There’s a lens in every piece of writing and an agenda in most. In George Veletsianos’ Networked Scholars course this week, we are asked to engage with Zeynep Tufekci‘s blog post, which is a piece of emotive writing about another piece of emotive writing in the Grauniad by Emma Keller, about another piece of emotive writing by Lisa Adams, who is blogging about grief and her own battle with cancer.
Each piece takes a stance. Lisa’s stance is perhaps the most authentic as the writing is her own about her own experience. I’m not sure the blog she writes is one I would subscribe to but I understand why she does it: in the same situation, I am likely to be just as loud about it, for at least as long as it is helpful. There must come a time when writing her blog will cease to be relevant to her.
I didn’t find Emma’s article offensive or even critical: I thought she merely asked a question and certainly wasn’t what Zeynep calls “cancer-shaming”. Nor did Emma misrepresent what was happening to Lisa. If there’s fake politically-correct hysteria anywhere here, it’s in Zeynep’s squealing about Emma’s methods. The obtuseness of Zeynep’s complaints is irresponsible for whipping up emotion: for example, her response to Bill Keller’s piece on Lisa – itself tactful, insightful and personal, in my opinion – is disingenuous at best. At worst, it falsifies the content and meaning of what Bill Keller wrote in order to be further outraged.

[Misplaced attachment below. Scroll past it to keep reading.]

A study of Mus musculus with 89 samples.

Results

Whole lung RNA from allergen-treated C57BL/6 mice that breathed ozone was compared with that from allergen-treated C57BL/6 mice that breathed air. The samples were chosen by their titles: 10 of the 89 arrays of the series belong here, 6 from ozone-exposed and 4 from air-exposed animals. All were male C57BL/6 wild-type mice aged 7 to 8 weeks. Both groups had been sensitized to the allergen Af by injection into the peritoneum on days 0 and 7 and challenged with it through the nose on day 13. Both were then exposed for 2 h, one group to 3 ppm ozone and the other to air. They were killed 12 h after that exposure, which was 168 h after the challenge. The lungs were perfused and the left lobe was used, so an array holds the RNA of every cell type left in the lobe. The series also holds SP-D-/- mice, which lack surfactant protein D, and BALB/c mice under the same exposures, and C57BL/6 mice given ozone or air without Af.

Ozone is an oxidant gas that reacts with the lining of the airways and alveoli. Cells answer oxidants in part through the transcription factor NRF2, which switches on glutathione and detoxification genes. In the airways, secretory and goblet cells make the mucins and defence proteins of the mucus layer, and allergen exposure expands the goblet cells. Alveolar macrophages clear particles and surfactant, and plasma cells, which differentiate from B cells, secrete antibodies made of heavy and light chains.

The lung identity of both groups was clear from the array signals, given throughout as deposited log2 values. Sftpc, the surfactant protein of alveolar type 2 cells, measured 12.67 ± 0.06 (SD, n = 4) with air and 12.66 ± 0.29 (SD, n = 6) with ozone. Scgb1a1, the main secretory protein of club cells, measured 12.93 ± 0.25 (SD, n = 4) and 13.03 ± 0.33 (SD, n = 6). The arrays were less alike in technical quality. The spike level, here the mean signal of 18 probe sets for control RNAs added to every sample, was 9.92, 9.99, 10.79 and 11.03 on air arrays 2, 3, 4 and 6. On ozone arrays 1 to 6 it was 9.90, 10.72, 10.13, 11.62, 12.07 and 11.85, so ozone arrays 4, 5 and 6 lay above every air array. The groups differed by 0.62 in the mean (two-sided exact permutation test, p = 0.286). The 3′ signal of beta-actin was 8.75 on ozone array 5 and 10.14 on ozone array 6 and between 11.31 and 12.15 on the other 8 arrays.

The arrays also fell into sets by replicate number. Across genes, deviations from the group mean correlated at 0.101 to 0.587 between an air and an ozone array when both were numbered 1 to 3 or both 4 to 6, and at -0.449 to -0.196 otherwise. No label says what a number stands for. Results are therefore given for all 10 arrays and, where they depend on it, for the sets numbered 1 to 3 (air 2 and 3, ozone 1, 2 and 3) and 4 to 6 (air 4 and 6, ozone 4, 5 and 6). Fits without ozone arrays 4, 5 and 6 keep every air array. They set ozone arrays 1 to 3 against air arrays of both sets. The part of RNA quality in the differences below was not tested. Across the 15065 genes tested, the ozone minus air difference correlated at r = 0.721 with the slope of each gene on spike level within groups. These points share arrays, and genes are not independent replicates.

What is evident in reading these pieces is that social media and blogs are powerful channels through which opinion may be manipulated. Rigour is not required to achieve this as readers, like the baying pitchfork-carrying mobs in a Hammer Horror, respond with such Twitter outrage that the offending item is removed, as in the case of Emma Keller’s article. The Kellers wrote in even tones using moderated language about a woman coping through writing publicly. What Zeynep Tufekci did was to twist that into something very nasty.